Earlier I had summarized some of the results from a cross-site study on bison weights. This was posted right before I was about to submit it for the first time. I ended the post with:
"[Regarding details, I'm about to submit this paper. We'll see how it's met.]"
The paper has been accepted for publication by PLOS One, but that was a semi-rough path to publication. It was reviewed by 3 other journals before being accepted.*** Reviewers mostly got caught up on how best to analyze cross-site data when you have more than one measurement for a site.
***As a note, my record is currently 5 journals reviewing a paper before acceptance. The 15N synthesis was reviewed by Nature (1), PNAS (2 rounds), Global Change Biology (2 rounds), Oecologia (2 rounds), and New Phytologist (2 rounds). The number of rejections seems to have no bearing on how important the paper is. That paper has since been cited 100+ times since its publication in 2009.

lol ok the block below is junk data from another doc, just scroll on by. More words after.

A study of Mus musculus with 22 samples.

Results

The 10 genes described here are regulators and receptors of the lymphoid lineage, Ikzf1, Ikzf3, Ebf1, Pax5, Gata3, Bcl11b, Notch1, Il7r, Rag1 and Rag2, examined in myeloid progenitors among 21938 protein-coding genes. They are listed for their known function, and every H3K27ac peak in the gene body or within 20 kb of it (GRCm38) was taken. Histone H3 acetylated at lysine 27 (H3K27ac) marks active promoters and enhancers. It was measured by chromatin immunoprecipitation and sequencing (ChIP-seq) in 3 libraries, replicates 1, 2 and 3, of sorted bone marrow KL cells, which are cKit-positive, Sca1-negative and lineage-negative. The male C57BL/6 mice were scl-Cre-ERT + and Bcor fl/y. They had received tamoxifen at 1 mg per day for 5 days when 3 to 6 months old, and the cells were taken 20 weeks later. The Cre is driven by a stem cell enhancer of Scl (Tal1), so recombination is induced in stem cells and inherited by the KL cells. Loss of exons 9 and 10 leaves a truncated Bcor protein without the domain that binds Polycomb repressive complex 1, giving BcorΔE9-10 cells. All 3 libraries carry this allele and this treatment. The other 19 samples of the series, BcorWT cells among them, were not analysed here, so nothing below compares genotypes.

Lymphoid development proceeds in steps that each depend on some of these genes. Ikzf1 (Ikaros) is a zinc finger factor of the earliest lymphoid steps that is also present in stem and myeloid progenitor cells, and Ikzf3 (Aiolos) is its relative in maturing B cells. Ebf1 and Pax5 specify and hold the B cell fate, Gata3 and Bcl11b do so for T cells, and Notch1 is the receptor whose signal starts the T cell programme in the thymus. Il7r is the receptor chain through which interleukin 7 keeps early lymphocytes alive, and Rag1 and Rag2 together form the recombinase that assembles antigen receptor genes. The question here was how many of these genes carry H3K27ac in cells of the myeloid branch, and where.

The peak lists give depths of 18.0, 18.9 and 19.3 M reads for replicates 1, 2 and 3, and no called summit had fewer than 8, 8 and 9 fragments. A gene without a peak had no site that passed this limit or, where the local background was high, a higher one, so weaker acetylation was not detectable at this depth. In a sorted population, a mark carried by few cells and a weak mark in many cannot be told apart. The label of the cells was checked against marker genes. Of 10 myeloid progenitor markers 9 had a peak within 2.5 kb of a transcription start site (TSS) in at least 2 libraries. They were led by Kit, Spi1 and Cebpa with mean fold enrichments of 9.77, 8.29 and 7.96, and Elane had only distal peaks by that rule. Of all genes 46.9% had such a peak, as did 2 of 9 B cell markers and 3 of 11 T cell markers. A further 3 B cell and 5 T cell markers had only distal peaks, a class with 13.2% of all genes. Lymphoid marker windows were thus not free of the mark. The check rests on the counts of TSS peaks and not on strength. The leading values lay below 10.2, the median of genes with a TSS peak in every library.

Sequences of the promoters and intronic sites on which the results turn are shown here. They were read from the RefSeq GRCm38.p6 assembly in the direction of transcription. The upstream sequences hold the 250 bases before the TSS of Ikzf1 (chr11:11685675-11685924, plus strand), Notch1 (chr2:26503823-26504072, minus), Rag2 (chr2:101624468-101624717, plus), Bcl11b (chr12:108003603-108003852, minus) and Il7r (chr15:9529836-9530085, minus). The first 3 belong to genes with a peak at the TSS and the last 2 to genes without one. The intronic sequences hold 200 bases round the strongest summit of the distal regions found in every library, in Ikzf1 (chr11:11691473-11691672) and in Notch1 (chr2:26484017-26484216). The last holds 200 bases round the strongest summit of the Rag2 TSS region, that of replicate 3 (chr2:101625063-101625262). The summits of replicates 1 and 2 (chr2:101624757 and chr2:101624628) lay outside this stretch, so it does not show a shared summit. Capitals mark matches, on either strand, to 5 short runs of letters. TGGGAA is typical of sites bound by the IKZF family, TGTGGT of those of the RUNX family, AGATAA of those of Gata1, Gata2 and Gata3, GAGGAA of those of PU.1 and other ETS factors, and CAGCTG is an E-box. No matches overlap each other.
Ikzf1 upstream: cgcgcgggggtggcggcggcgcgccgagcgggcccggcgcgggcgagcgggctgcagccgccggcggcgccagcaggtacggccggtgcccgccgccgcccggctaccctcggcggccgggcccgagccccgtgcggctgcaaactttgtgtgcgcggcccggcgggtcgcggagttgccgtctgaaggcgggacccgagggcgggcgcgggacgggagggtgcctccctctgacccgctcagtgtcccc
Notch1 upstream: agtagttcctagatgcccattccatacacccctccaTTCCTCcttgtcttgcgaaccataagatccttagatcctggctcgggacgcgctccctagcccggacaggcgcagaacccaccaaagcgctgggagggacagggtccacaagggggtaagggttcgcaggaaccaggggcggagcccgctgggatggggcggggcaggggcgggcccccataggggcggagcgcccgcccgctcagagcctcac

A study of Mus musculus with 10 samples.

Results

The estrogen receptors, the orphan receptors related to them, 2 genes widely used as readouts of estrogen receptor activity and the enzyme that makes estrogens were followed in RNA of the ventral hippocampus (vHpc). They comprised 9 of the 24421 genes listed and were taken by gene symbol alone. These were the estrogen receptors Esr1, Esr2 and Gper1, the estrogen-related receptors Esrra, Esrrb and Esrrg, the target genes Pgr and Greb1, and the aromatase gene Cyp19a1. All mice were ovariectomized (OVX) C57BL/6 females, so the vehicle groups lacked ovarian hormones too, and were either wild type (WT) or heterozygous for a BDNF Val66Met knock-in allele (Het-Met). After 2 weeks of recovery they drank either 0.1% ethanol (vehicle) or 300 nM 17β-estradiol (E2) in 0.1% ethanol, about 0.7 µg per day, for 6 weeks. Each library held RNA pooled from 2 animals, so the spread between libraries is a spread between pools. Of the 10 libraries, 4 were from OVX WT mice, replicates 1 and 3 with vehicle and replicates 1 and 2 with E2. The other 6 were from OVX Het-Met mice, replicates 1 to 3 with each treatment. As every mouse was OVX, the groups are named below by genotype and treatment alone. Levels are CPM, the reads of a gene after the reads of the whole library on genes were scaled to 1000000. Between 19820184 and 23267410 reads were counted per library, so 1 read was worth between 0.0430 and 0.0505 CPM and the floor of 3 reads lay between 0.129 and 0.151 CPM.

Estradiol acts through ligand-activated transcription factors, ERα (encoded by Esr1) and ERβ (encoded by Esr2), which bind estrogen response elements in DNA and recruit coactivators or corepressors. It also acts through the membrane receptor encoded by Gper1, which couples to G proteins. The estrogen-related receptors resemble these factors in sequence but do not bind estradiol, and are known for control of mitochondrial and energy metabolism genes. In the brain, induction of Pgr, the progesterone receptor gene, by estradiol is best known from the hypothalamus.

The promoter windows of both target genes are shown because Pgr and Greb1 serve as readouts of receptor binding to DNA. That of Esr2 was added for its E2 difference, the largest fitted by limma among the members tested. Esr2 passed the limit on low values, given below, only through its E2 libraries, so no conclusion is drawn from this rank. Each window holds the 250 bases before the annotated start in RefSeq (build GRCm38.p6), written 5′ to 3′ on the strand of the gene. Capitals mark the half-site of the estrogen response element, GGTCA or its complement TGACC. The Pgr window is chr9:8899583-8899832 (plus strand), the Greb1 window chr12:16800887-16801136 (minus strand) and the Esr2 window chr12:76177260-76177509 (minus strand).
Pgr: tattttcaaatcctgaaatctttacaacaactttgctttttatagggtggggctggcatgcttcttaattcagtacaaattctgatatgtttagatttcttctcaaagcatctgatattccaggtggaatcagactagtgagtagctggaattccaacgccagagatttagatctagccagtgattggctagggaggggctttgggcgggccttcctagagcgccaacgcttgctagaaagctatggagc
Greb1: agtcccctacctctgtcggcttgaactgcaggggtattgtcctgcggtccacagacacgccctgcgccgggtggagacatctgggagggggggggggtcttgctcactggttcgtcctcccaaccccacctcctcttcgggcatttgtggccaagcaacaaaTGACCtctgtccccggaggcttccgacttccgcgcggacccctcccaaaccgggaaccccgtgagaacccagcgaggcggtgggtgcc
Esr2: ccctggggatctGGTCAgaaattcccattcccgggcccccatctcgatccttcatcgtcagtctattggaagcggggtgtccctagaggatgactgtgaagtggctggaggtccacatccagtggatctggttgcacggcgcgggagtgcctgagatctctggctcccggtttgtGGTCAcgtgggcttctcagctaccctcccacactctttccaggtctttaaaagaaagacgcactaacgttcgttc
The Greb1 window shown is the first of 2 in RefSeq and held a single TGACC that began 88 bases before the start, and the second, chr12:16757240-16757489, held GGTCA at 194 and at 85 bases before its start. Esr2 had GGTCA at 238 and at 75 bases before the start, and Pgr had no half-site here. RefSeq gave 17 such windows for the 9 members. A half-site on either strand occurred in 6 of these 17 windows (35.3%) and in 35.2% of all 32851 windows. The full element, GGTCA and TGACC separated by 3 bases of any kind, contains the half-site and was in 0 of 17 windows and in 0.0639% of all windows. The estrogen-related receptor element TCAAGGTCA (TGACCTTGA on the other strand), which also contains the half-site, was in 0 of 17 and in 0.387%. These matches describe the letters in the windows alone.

The final bison paper will have controversy associated with it. It essentially uses a spatial gradient of climate to help forecast the future. It's less than perfect, but what other option is there for grazers? Experiments without grazers don't incorporate the feedbacks from grazing, which are substantial. Experiments with grazers are unfeasible. Models? Sure, but no way to parameterize. Temporal responses are good ways to narrow predictions, but they don't do well predicting long-term responses with slower feedbacks.
Case in point. Bison from warm sites are smaller than cool sites. Yet, bison gain the same amount of weight in hot years as cool ones.
It's the long-term feedbacks to the N cycle and forage quality that likely are driving the diminished size of bison. And those long-term feedbacks take time to accrue.
In all, climate change effects on grazers is probably one of the most pressing scientific questions we have about grazers. One of the limitations of the paper is transferring knowledge of bison to cattle. But, we just don't have the data on cattle at this time.
Whoever can synthesize cross-site patterns of cattle weight gain will have done some important science.